Republican presidential candidate contest: Jeb Bush set to get a roasting on The Late Show with Stephen Colbert

The comic replacing Letterman on TV’s flagship Late Show takes no prisoners


It was perhaps the crowning moment of Stephen Colbert’s career so far. In 2006, at the annual White House Correspondents’ Dinner, he delivered a merciless comedic roasting of George W Bush, while the then-President sat powerless and unamused just two chairs to his right.

On 8 September, Colbert will get to toy with another Bush, when Dubya’s brother, Jeb, appears as a guest on the premiere of The Late Show with Stephen Colbert. The former Florida Governor is running for the White House; Mr Colbert is taking over the slot in the CBS network’s late night schedule occupied for the past 22 years by David Letterman. It’s hard to say which man ought to be more nervous.

In Colbert’s previous job, as the host of Comedy Central’s The Colbert Report, he played the role of “Stephen Colbert”, a bloviating conservative political pundit, equal parts self-regard and stupidity. By all accounts, the entertainer will shed that persona for The Late Show, but with the 2016 US presidential race crying out for comic treatment, he could hardly leave the political arena behind. Besides Mr Bush, The Late Show’s line-up for September includes Vice-President Joe Biden, the Democrat presidential candidate Bernie Sanders and the UN Secretary-General, Ban Ki-moon.


Actors such as George Clooney and Scarlett Johansson will also appear during the show’s first week, but the movie stars who tend to populate US late-night television will be joined, on Colbert’s show, by an eclectic mix of musicians, business leaders, writers and intellectuals, among them the Uber chief executive Travis Kalanick, rapper Kendrick Lamar, and author Stephen King.

“You can’t live by celebrities alone, and they often make the least interesting guests,” said Brian Lowry, Variety’s television critic. “Some of the best interviews on The Colbert Report were with authors and people from other spheres. He’s still going to have to book his share of Bradley Cooper types, but it’s smart to try to make the show more of a salon of ideas. Colbert is an extremely thoughtful, well-rounded guy who can talk about a variety of subjects in an intelligent way.”

Colbert, 51, was brought up as an observant Catholic in South Carolina, the youngest of 11 children. When he was 10, his father and two closest brothers were killed in a plane crash. He credits his mother Lorna’s example for his sanguine attitude to that tragedy, and to life in general. Speaking to Judd Apatow for the film-maker’s recent book Sick in the Head, a collection of interviews with comedians, Colbert said: “My mom was not bitter. She did not become a bitter person. She had an excuse to be, and she did not. She stayed grateful for life.”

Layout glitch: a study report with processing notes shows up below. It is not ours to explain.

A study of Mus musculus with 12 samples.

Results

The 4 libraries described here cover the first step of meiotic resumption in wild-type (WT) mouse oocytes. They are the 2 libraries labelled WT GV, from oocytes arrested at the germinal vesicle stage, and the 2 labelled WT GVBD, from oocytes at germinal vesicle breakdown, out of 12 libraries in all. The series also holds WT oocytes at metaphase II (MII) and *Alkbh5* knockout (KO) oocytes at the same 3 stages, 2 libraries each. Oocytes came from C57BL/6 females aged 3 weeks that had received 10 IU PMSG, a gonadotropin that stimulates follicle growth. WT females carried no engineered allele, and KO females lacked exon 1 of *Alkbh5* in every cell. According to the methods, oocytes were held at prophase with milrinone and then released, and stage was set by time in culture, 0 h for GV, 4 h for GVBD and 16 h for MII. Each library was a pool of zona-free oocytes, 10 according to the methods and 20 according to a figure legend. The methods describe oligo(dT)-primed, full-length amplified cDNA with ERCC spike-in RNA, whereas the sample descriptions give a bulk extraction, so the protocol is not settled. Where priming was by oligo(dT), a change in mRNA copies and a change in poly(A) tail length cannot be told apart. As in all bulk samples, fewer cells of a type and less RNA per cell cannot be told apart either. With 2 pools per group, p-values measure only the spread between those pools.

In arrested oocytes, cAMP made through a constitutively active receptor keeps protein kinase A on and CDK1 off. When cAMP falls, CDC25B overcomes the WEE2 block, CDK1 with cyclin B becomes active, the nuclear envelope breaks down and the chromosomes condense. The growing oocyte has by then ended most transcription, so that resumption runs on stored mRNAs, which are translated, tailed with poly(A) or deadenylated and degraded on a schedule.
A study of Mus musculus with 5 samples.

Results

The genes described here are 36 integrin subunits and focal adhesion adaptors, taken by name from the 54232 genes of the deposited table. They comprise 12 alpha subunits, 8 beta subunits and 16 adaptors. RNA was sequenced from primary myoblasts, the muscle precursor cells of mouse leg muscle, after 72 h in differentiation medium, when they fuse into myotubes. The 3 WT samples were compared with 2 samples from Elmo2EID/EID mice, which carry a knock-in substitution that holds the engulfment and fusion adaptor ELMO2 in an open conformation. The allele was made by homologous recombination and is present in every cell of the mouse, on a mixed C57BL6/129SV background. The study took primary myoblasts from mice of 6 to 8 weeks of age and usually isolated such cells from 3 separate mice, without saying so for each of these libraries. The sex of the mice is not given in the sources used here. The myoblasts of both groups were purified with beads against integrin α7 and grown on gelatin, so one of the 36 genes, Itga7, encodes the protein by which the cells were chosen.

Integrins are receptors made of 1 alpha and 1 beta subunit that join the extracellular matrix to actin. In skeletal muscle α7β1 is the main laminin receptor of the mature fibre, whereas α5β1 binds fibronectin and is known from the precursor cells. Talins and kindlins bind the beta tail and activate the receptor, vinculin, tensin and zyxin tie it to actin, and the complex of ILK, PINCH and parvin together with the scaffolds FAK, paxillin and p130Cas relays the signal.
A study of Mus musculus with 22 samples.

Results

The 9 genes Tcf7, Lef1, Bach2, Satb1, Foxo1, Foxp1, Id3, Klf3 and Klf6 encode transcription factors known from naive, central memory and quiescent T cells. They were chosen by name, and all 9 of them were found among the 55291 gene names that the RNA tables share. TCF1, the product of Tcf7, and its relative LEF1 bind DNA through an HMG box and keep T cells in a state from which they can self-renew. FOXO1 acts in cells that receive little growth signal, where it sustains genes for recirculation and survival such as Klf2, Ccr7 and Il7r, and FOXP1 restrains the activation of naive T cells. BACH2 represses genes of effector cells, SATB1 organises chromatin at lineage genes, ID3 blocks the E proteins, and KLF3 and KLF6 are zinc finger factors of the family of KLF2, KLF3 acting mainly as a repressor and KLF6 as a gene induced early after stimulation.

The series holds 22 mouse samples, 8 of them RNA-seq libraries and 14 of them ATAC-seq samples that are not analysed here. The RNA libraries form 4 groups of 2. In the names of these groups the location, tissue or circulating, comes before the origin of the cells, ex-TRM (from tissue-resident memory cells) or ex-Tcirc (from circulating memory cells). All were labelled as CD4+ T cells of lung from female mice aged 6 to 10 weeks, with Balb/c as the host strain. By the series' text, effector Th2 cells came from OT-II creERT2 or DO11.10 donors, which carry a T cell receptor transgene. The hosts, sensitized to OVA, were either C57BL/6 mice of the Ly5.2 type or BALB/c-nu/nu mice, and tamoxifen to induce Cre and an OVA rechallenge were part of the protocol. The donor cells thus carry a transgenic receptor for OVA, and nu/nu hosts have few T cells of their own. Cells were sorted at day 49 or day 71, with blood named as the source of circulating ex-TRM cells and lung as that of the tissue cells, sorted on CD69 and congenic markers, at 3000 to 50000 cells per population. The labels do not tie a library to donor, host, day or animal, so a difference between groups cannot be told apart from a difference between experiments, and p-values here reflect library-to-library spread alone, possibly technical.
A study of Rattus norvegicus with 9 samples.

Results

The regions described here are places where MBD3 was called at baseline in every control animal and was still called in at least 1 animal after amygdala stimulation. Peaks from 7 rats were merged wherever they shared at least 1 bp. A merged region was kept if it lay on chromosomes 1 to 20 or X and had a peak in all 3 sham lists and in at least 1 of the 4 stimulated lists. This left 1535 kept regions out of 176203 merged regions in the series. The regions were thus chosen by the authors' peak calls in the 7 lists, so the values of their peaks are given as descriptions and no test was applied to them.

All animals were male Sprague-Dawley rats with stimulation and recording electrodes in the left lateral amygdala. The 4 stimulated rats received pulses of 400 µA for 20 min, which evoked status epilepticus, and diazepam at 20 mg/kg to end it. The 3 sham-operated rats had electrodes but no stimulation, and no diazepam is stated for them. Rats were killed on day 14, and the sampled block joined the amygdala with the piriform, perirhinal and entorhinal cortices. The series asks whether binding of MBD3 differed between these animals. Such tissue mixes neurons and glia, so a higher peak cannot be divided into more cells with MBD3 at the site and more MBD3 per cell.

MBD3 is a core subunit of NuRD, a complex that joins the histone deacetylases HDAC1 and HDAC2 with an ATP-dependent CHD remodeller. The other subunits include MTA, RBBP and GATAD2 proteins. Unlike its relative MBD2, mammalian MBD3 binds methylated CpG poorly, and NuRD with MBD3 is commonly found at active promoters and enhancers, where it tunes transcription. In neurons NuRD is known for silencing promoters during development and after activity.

After studying theatre at Northwestern University in Chicago, with the intention of becoming a serious dramatic actor, Colbert was then drawn into the city’s improvisational comedy scene, becoming a regular cast member at the celebrated Second City comedy improv theatre.

Andrew Alexander, the longstanding chief executive of Second City, said Colbert fulfilled all the requirements of an improv performer – he was intelligent, well-read, a  generous ensemble player, “and, obviously, he was very funny”. He added: “What you get at Second City, which is hard to find elsewhere in the comedy world, is that you do eight shows a week for maybe two to three years, and that means you just become very, very good.”

 

At Second City, Colbert performed alongside several future comedy luminaries including Steve Carell, who was later a fellow cast member on The Daily Show, which Colbert joined as a correspondent in 1997. His success as a foil for that show’s host, Jon Stewart, earned him a hosting gig of his own, and The Colbert Report debuted in 2005.

The “Stephen Colbert” character was the archetypal patriarchal white man; and when Colbert was unveiled as Letterman’s Late Show replacement, many wondered why CBS had picked him over a woman or a non-white host. CBS president Les Moonves told The New York Times: “I know people were clamouring, ‘Well, why don’t they get a woman? Why don’t they get somebody diverse?’ All of which we considered.” But when Colbert emerged as a candidate, Mr Moonves said, “there’s not anything better than that”.

The network and its new star have engaged in a publicity blitz leading up to the launch of the revamped Late Show, with Colbert giving lengthy interviews to GQ and Time, appearing in several comic YouTube clips, hosting a podcast and even becoming the new voice of the smartphone traffic app Waze.

While he may have to soften some of his schtick to appeal to a wider, middle-American audience, it is plain that he has lost none of his fearlessness and bite.

This week, Mr Bush sent an email to supporters inviting them to donate $3 to his election campaign in exchange for the chance of winning a ticket to his Late Show appearance. The problem? He did not consult Colbert first. So, Colbert made a video announcing a rival ticket contest, for which entrants must donate $1 to a veterans’ charity. “Where’s my cut of that sweet three bucks, Governor?” he asked. Before he even takes a bow, Colbert has his first guest on the back foot.